True women empowerment requires knowing all the facts and what to do with them. The gender wage gap is a thoroughly publicized but not well-understood phenomenon. Let’s explore where the gender wage gap comes from to examine whether or not it’s discriminatory.
Many sources suggest that the global gender wage gap is 23%, meaning women make $0.77 for every $1.00 a man makes. This gap does exist – but could discrimination be causing it?
Attributing the pay gap entirely to discrimination is an oversimplification of a nuanced problem.
Gender Wage Gap Causes
The American Association of University Women have a study that suggests that the wage gap exists due to the following four factors:
- Occupational choices
- Hours worked weekly
- Work tenure
- Work consistency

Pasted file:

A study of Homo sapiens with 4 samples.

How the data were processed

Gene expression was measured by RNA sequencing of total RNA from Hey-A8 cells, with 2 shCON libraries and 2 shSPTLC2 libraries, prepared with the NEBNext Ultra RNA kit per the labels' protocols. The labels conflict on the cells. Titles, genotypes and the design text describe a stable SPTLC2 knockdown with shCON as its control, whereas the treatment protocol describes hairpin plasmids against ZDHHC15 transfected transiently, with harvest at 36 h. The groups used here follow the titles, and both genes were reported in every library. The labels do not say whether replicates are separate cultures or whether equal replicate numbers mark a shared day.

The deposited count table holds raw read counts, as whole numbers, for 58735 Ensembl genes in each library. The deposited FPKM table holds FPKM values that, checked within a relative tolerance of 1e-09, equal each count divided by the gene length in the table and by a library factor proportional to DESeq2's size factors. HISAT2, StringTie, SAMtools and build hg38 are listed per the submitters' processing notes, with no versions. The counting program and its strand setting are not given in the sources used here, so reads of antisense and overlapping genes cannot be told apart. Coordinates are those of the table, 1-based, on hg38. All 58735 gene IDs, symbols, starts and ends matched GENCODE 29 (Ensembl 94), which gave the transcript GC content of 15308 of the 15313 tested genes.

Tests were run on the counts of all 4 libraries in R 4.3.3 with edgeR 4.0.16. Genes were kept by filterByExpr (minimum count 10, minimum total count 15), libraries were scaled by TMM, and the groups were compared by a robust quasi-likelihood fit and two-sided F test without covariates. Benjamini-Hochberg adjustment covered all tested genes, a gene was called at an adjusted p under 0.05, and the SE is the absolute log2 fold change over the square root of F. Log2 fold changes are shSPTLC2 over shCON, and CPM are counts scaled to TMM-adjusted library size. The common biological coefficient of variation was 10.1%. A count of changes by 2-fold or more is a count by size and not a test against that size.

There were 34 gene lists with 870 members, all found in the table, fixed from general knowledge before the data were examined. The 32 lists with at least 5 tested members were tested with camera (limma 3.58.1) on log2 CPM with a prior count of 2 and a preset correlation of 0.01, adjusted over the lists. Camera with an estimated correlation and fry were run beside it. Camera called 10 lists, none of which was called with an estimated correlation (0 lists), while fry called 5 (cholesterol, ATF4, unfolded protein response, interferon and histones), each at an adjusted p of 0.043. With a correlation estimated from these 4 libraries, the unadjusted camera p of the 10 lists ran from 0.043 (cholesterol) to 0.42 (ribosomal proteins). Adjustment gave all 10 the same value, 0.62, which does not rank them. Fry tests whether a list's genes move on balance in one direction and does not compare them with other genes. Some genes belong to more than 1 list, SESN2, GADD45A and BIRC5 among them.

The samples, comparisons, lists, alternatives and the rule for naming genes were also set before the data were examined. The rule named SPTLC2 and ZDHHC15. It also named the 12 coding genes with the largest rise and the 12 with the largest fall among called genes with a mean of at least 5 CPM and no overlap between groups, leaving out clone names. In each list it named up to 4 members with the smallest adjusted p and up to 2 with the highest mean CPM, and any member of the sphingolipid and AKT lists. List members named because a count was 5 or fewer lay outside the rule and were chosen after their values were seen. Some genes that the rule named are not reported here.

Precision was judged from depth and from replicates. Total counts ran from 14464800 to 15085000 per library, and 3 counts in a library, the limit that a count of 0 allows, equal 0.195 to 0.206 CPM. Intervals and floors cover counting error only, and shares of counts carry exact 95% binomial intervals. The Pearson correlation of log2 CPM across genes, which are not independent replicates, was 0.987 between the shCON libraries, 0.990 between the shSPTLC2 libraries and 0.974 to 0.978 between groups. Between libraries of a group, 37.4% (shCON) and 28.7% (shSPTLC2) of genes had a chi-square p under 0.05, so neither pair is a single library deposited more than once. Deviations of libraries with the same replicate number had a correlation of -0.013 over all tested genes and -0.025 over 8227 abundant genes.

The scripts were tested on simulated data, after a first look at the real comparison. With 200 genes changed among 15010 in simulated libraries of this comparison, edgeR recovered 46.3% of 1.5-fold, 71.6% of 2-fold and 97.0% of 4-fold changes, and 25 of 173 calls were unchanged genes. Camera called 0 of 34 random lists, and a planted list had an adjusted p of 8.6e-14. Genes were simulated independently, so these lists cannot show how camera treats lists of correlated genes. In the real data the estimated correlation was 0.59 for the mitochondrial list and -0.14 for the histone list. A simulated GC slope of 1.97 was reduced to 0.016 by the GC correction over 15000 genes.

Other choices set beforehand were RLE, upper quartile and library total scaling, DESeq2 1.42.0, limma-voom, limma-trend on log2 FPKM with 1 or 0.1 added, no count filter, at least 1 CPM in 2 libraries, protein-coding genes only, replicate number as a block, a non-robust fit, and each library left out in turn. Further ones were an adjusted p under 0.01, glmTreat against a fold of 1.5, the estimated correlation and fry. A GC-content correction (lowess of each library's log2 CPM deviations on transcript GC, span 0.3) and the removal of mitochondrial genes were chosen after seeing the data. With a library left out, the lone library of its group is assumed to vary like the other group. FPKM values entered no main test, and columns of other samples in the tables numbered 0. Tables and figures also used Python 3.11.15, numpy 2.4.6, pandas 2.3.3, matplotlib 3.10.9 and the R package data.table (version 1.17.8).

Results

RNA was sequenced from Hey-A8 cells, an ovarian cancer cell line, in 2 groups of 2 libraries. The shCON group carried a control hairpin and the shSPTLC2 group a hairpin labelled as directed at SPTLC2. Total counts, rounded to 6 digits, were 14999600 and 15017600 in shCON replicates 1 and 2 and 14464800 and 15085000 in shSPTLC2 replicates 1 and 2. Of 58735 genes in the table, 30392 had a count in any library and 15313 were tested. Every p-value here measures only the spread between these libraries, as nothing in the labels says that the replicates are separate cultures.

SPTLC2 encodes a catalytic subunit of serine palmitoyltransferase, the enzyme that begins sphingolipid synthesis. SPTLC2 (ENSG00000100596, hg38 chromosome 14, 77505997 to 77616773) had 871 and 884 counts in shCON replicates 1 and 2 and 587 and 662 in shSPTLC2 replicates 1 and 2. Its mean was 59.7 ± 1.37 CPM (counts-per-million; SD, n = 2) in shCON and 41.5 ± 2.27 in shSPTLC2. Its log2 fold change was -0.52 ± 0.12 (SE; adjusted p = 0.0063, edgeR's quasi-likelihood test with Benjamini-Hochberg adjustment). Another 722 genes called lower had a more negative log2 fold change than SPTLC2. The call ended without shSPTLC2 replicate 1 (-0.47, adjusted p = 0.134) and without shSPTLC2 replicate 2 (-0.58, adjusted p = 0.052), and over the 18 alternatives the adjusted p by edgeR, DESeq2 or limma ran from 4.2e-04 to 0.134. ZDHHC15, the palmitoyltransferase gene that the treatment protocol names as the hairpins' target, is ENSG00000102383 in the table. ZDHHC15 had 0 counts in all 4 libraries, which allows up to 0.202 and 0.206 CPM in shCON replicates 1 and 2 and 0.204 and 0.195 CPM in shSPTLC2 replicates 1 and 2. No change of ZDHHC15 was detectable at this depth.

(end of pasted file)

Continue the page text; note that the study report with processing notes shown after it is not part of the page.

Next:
It shows that these factors actually account for all but 6% of the wage gap. Unexplainable factors make up the remaining 6%.
So why do women tend to choose lower-paying occupations, whereas men choose higher-paying ones? This phenomenon is “occupational segregation.” Occupational segregation is one of the highest contributing factors to the wage gap.
Across cultures, women often shift their career choices to accommodate unpaid positions like household management and child-rearing, contributing to lower earnings when we look at women as a whole, and this self-selection means they often earn less than their working male counterparts.
According to statistics compiled by Georgetown University, you’ll find that four out of five of the highest-paying occupations in the US are male-dominated fields. Pharmaceutical science is the only high-paying occupation where women have more representation than men.
The reality of these statistics points to the idea that women take on family responsibilities where men cannot or will not, and this often limits their career choices.
So we’ll leave the final verdict up to you: Is the wage gap discriminatory? If so, how would you solve the problem?